KIGALI - AFRICA should put more efforts in building capacity that goes beyond achieving the Millennium Development Goals (MDGs) target of 2015.
This was the conclusion reached by several African leaders and heads of institutions during the African Capacity Building Foundation (ACBF) summit that was concluded yesterday in Kigali.
A high level panel that included President Paul Kagame, Kenya’s Prime Minister, Raila Odinga, Togo’s Premier, Gilbert Houngbo, World Bank’s Ngozi Okonjo-Iweala, African Development Bank President, Dr. Donald Kaberuka and Dr. Frannie Leautier from ACBF discussed the theme “Building Capacity beyond MDGs”.
Speaking during the summit to mark the 20th anniversary of ACBF, President Kagame, who co-chairs, the United Nations MDG Advocacy Group, observed that while MDGs could be achieved in a few years, capacity building on the continent will continue for much longer.
President Kagame noted that the need for capacity today, is even greater because of the new challenges that keeping coming up as the continent moves into the future.
“The capacity we are talking about is organizational, institutional and human, to be able to deliver our people’s development. Therefore, that really gives weight to the need for capacity,” he noted
“Capacity is very central for us to be where we want to be and that entails many challenges, the ones we are here to discuss and see how we can confront them and find solutions,” President Kagame added.
In a very interactive discussion that drew some of the continents’ top leaders and academics, including former South African President, Thabo Mbeki, President Kagame observed that what Africa needs is the transformation of mindsets.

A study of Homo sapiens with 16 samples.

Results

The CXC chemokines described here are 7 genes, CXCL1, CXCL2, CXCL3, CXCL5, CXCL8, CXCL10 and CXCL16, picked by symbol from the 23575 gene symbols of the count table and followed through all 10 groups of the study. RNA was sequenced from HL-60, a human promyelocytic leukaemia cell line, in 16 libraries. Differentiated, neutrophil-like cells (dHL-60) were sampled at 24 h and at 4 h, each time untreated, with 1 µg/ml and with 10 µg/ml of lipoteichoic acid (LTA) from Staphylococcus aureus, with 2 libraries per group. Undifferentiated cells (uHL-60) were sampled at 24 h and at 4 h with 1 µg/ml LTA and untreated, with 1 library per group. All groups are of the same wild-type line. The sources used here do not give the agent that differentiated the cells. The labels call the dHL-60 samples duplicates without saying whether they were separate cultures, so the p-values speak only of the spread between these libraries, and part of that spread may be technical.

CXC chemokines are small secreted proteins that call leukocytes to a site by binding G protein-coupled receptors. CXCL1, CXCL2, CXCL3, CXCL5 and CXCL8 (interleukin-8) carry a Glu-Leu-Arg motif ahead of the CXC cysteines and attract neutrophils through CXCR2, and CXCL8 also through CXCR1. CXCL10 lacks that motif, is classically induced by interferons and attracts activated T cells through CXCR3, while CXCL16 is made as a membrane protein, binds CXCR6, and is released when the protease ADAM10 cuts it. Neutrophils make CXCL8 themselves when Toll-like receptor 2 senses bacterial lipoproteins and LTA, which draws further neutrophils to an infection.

“We are thinking beyond certain limits, as we were thinking beyond 2015, when it came to MDGs. We are also thinking beyond capacity being that investment in an individual, beyond qualifications and skills,”
“Beyond having economists, engineers, but having people with a certain mindset, a certain attitude, a certain culture so that these useful qualities take us beyond the individual,” President Kagame said, adding that the qualities should help in the transformation of communities.
The President cited Rwanda as an example of a country which started from rock bottom after the 1994 Genocide against the Tutsi, by investing in the capacity of its people and in turn expecting them to use the capacity to the benefit of the country as a whole, something that has paid off.
President Kagame emphasized that Africans know what they want and no other party should seek to prescribe what is supposedly ideal for them because they (Africans) know what is good for them.
Kenyan Prime Minister Odinga, challenged Africa to believe in itself to make things possible by looking back at what has been achieved in the last 15-20 years and using it as a springboard to further progress.
“Africa has now witnessed very appreciable rates of economic growth in the last 15 to 20 years. This of course is attributable to improved governance,” Odinga said.
“One issue that has not been paid attention to is the kind of growth rates, because we tend to measure the growth in terms of the GDP. When the figure increases we are all very grateful,”
The Kenyan Premier said that people don’t attach more value on how this growth spreads into the society, hence failing to recognise the impact, such as infrastructure development and improved standards of living.
The Togolese Prime Minister, Gilbert Houngbo, concurred with President Kagame, noting that Africa needs to look beyond 2015 and MDGs by identifying the role capacity building will play in the future.
Dr. Kaberuka and World Banks’s Ngozi Okonjo supported African countries seeking solutions to their own challenges rather than taking “blueprints” from donors and other partners, emphasising that Africans know the solutions to their own challenges.
During the debate, the issue of Africans attaching value and dignity to themselves was emphasised as a vital element to the continent’s development.
Burundi’s Vice President, Gervaise Rufyikiri and the Prime Minister of Gabon, Paul Biyoghé Mba, were among the participating African leaders.